Promoters of a plan to raid Area 51 in Nevada must be scratching their heads today.

Their plan was to get millions of people to show up at the military base, storm the gates, and uncover the truth about hidden alien technology.

More than 2 million people checked the “going” box on the “Raid Area 51” social media event page.

Imagine that number: more than 2 million people. According to a 2017 U.S. Defense Department report, that’s roughly the same size as our active and reserve military forces.

On the day of the scheduled Area 51 raid, however, only a few dozen people actually showed up at the gate.

So, what went wrong? What happened to the other millions of people who said they’d show up? Could it be they were abducted by — wait for it — oh, never mind.

The “truth” is, like most things we try to plan and promote on social media, it’s easy to slap some information and a picture or video on an event page. It’s not as easy to get people to actually show up for the event, even if they tell us they’re “going.”

Regardless of what platform we use (e.g., Facebook, Instagram, etc.), the process of promoting an event using social media is fairly straightforward. However, it doesn’t mean people will show up, even if they use your page to share the event with friends, or even commit to attend.

Facebook users have several options when they visit our event pages. They can select the “going,” “interested,” or “ignore” boxes, they can share the event with friends, or they can really “ignore” our events and do nothing at all.

Checking the “going” box is a reflex for some users. For some of us, as it was with the “Raid Area 51” event, selecting the “going” option is more of a sign of support. It’s an impulsive reaction to something we like, no different that actually liking some content we see in our social media news feeds.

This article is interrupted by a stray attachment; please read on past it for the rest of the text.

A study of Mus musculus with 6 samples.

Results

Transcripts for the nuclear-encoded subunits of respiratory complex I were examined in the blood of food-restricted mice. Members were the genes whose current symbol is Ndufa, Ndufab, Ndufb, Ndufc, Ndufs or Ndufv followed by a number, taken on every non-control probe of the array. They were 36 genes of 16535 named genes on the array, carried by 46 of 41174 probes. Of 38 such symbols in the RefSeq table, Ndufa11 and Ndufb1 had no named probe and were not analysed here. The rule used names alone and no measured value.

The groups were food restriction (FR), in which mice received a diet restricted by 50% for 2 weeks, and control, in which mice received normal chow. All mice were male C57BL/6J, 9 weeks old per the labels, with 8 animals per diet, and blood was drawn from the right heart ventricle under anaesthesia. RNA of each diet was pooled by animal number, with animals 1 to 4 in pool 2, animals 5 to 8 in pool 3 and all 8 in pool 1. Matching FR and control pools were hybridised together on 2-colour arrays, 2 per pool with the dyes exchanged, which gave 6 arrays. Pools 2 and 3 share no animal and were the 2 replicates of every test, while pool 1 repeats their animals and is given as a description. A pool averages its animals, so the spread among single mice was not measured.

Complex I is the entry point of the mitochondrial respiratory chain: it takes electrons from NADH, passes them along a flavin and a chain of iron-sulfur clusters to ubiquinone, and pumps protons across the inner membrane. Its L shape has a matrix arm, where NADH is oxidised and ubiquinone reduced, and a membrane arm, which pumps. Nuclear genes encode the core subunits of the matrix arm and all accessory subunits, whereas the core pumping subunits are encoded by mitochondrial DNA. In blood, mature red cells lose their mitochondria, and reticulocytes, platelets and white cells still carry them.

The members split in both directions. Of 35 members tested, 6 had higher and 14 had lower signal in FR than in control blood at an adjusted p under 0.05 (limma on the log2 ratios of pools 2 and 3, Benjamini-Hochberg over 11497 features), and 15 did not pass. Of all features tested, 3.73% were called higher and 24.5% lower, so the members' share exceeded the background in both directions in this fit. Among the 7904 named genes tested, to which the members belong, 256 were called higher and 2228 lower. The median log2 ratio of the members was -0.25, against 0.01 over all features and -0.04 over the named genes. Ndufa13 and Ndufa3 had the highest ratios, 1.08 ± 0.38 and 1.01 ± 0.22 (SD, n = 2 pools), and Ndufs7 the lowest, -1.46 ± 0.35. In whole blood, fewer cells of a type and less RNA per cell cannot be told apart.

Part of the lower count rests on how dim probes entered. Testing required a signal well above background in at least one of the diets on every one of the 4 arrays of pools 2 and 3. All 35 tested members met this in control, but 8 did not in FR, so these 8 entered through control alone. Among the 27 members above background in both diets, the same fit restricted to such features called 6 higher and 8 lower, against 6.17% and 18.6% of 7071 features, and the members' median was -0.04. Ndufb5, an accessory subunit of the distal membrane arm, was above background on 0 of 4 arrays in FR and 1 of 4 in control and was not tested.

Promoters, however, would much prefer we select the “interested” option, as in, “I’m interested in seeing what’s beyond the heavily fortified Area 51 gates, but I’m not ready to say I’ll show up and, well, possibly be arrested.”

The question then centers on how to convert those who say they’re “going” to, or at least “interested” in, an event into attendees.

Don’t rely solely on social media to promote your events. Of course, newspaper advertising works well. And write good press releases to distribute to local media. Then we use the information from our press releases to create social media event pages. We do a bit of email marketing with pithy subject lines to attract recipients. In the body of the email, we’ll often place a link to the event page on Facebook.

Avoid the temptation to pay to “boost” your event on social media. Chances are you’ll get more engagement with people who “share” your event with their followers.

The truth about Area 51 is still out there, but the truth about using social media to promote our events is right in front of us.

If we want people to show up, it takes more than a few million people to say they’re “going” on a Facebook event page to make it happen.